Hewlett-Packard is getting ready to launch the ExDS storage system, which will use up to 820 1T-byte drives for file-based storage, packaged in two 42U cabinets.
The system is an online content repository that comes in the shape of an appliance, according to Jim Haberkorn, whose job description as a director at HP's StorageWorks division includes hyping the system to potential customers.
"We first designed the product specifically for streaming media and for static media. We've got a company called Snapfish, and they have over 5 billion online images. We were kind of thinking of them when we designed it, and it wouldn't take much to go from static to streaming media, and it actually works really well for that," Haberkorn said.
But as HP has started to show the ExDS to potential customers, more ways of using it have come to light, including oil and gas companies that want to use it for seismic research. But in the end, many industries are thinking of ways to handle fast data growth.
Most likely companies that are interested in the new system have already looked at their old kind of storage, but have found it too expensive, that it takes up too much space or uses too much power for what they want to do, according to Haberkorn.
"Maybe they want to start an online backup service or start saving their customer's videos, or their snapshots themselves -- traditional storage doesn't allow them to reach the right economies in order to make that viable," Haberkorn said.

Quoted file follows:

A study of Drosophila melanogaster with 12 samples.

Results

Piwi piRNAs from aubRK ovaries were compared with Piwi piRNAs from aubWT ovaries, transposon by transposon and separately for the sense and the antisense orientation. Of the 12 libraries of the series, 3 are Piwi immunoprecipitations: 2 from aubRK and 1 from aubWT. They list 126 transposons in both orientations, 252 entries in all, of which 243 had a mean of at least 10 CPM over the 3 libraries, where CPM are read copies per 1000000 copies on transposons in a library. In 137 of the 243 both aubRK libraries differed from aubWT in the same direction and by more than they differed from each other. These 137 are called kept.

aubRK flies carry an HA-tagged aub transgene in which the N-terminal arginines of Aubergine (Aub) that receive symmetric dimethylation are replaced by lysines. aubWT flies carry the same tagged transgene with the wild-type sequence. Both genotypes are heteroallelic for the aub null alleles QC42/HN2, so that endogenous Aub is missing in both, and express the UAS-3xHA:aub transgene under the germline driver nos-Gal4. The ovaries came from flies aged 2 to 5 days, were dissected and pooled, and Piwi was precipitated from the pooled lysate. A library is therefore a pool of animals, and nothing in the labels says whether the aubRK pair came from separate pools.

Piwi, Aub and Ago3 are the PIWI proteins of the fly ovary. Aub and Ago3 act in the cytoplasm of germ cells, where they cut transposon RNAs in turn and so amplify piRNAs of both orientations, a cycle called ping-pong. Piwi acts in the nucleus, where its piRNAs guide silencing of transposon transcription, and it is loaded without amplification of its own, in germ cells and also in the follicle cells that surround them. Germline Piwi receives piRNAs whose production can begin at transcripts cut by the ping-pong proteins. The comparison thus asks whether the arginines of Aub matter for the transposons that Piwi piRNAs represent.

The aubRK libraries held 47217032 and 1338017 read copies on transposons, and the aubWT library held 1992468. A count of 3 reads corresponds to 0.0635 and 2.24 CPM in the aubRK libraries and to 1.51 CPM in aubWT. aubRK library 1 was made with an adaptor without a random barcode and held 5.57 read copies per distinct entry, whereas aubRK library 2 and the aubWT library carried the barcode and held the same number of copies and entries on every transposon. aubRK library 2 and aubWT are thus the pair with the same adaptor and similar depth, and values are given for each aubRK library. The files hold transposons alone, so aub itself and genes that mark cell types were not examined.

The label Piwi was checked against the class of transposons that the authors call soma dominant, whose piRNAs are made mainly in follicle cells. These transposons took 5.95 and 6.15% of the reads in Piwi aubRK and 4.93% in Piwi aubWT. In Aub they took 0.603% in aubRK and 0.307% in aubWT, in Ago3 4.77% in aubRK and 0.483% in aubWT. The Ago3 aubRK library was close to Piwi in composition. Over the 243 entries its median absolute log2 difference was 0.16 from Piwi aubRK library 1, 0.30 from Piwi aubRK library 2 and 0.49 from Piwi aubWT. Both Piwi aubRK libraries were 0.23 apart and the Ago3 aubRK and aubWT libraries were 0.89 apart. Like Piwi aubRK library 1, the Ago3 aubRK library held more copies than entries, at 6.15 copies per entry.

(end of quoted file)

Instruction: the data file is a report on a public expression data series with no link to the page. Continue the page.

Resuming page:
The system will cost less than US$2 per gigabyte or US$2,000 per terabyte. "That includes everything, so it includes the software, the hardware, the infrastructure, the cabinets, all the installation and all the services," Haberkorn said.
HP has tried to make it as easy as possible to manage. "We can install this in hours, and the customers can then install the storage and the compute power themselves," he said.
To keep costs down, HP's storage division has taken advantage of what already exists at HP, instead of starting from scratch. The system uses HP blade servers, and the drives are of course their own. "The hardware was the easiest thing to solve," Haberkorn said.
Both the number of blade servers and the number of drives can be scaled independently, depending on how much performance and storage are needed.
The model for building these kinds of storage systems is Google. By and large, how the search giant has managed to grow its infrastructure remains a closely guarded secret, according Haberkorn, but he is convinced ExDS can deliver better performance than Google's in-house system. "We, for example, get double the density, they get 6T bytes per U, we believe, and we get 12T bytes," said Haberkorn.
Haberkorn doesn't want to specify a launch date for the ExDS, other than saying it will be out later this year.